The Technology-Facilitated Violence: Preserving Digital Evidence Toolkit is a guide to help women[1] and anti-violence workers preserve digital evidence in circumstances involving technology-facilitated violence against women. Technology misuse is just one more abusive behavior that occurs in violence against women cases. Technology is not the problem; it is the underlying pattern of violent and sexist behavior that presents itself in digital forms. Because of the prevalence of technological devices today, their use can extend the reach of the abuse by the perpetrator, but it can also leave a trail of digital evidence that can be used strategically in safety planning and evidence collection by women targeted by this type of violence.

Technology-facilitated violence is when technology is misused by perpetrators to commit violent abusive acts including acts such as domestic violence, harassment (stalking), sexual assault, impersonation, extortion, and the non-consensual filming and sharing of intimate images.

Digital evidence is the overarching term that includes evidence from digital devices including the devices themselves, as well as emails, texts, pictures, videos, voice recordings, direct messages (DMs), screenshots, account logs or billing statements, apps, GPS and location information, and “metadata” or the information embedded in emails and other electronic documents. It is worthwhile to note that in the Canada Evidence Act, digital evidence is referred to as “electronic documents.” Within this report, we will use the term “digital evidence” as it is more commonly used when describing evidence of technology-facilitated violence.

Digital evidence can contain information that may be helpful in proving an incident of technology-facilitated violence occurred. However, because digital evidence is easily deleted or manipulated, it is important to collect it promptly and accurately. This type of evidence, if preserved properly, can support a civil or criminal legal case involving violence against women. Digital evidence can assist in documenting a clear evidentiary trail of abusive and criminal behaviour. It may support the evidentiary record in family and criminal court matters, potentially alleviating some of the pressure on women and their children to testify and may result in fact-based protective resolutions.

This toolkit is a guide for women and anti-violence workers to learn about the laws and best practices surrounding digital evidence preservation, and the potential use of this evidence in cases involving technology-facilitated violence. To start, please review the BCSTH Introduction to Using the Preserving Digital Evidence Toolkit, which is a useful guide to the Toolkit.

Word of Caution: Most of the documents in this Toolkit are available as a read only document on the BCSTH website with the option to download the PDF version of each handout. However, if you are reading this Toolkit on an “unsafe” computer, laptop or device, do not download the PDF versions as they may automatically save in your download folder. Some documents will download automatically when you click on the hyperlink in these documents and save a copy in an “unsafe” technological device would be one that you suspect is being monitored by the perpetrator.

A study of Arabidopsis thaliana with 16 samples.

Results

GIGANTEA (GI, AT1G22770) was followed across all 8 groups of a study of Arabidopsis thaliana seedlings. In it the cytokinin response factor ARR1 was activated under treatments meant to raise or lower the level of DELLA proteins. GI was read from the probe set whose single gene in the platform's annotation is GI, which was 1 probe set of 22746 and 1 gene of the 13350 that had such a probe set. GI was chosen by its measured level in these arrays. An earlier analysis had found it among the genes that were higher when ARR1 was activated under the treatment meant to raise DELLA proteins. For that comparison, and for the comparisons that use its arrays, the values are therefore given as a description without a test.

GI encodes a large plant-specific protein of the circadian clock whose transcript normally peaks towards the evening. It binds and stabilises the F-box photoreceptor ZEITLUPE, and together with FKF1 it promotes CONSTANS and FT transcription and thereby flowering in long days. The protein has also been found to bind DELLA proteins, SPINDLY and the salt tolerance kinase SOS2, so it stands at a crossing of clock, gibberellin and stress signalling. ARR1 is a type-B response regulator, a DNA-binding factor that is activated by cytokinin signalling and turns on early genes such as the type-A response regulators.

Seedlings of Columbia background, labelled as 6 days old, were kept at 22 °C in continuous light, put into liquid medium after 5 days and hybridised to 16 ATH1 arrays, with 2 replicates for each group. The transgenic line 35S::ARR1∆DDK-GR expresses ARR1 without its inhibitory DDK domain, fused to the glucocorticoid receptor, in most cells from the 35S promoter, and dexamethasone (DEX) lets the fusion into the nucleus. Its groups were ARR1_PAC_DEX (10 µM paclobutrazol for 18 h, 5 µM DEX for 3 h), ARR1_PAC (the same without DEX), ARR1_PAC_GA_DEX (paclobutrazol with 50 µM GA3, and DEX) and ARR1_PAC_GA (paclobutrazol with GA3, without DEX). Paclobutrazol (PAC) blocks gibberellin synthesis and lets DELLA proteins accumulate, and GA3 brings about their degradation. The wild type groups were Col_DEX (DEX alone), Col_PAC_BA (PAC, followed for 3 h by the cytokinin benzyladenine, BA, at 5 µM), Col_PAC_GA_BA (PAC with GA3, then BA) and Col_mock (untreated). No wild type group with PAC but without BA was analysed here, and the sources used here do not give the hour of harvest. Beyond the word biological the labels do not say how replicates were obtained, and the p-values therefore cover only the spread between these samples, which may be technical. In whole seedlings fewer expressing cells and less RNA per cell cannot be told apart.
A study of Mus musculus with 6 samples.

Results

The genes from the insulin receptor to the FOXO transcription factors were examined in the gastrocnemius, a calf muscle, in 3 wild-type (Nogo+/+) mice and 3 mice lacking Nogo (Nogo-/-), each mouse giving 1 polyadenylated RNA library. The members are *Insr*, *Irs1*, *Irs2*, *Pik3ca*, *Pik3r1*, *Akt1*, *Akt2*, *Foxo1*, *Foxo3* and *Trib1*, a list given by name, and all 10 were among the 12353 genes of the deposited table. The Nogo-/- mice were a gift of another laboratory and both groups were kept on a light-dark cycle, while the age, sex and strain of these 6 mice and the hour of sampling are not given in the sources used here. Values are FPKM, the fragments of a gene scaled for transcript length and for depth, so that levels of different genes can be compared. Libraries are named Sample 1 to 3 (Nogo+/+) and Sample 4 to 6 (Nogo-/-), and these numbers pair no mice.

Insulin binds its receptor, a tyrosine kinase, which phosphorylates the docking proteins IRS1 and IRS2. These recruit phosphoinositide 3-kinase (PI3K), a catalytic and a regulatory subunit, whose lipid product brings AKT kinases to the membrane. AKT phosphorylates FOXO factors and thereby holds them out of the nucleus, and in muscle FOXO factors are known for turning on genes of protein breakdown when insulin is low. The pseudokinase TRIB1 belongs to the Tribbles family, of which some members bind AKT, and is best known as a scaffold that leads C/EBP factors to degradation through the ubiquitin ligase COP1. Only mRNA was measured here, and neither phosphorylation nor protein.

CONSIDERATIONS BEFORE PRESERVING DIGITAL EVIDENCE

Before you begin collecting digital evidence you may want to read these documents first:

GUIDELINES FOR DIGITAL EVIDENCE PRESERVATION

TECHNOLOGY SPECIFIC EVIDENCE PRESERVATION GUIDES

OVERVIEW OF COURT RELATED TOPIC FOR SELF-REPRESENTING LITIGANTS

BCSTH TECHNOLOGY-FACILITATED VIOLENCE RESEARCH

LEGAL INFORMATION REGARDING TECHNOLOGY-FACILITATED VIOLENCE

ADDITIONAL TECHNOLOGY SAFETY RESOURCES FOR ANTI-VIOLENCE WORKERS

ADDITIONAL TECHNOLOGY SAFETY RESOURCES FOR WOMEN

This project has been funded by the Ministry of Public Safety and Solicitor General (MPSSG) and the Law Foundation of BC.

These documents are a part of a series that details how to preserve evidence related to the misuse of technology in experiences of domestic violence, sexual assault, and stalking. The series is part of the Preserving Digital Evidence of Technology-Facilitated Violence Toolkit. These documents, or any portion thereof, may be reproduced or used in any manner whatsoever as long as acknowledgment to the BC Society of Transition Houses is included in the product.

This toolkit was published March 2021.

We gratefully acknowledge Sherry Xu, JD Candidate, Peter A. Allard School of Law, UBC, support by the Pro Bono Students Canada Organization; Suzie Dunn, Rachel Sombach, and Anna Milner, from the University of Ottawa; Brandon Laur of the White Hatter, Kim Hawkins of Rise Women’s Legal Centre; and Magal Huberman of Pietrow Law Group for their support in developing this toolkit.

[1] In this toolkit we will be using the term “woman”, “violence against women” and feminine pronouns for simplicity and to recognize the significant impact technology-facilitated violence has on women and girls. Women and girls face higher rates of most forms of technology-facilitated violence. They also experience some of the most serious consequences as a result of this violence. However, technology-facilitated violence impacts transgender, non-binary, male and female people. We hope that all people impacted by this violence will find these documents useful.
   

©2021 BC Society of Transition Houses, Technology Safety Project.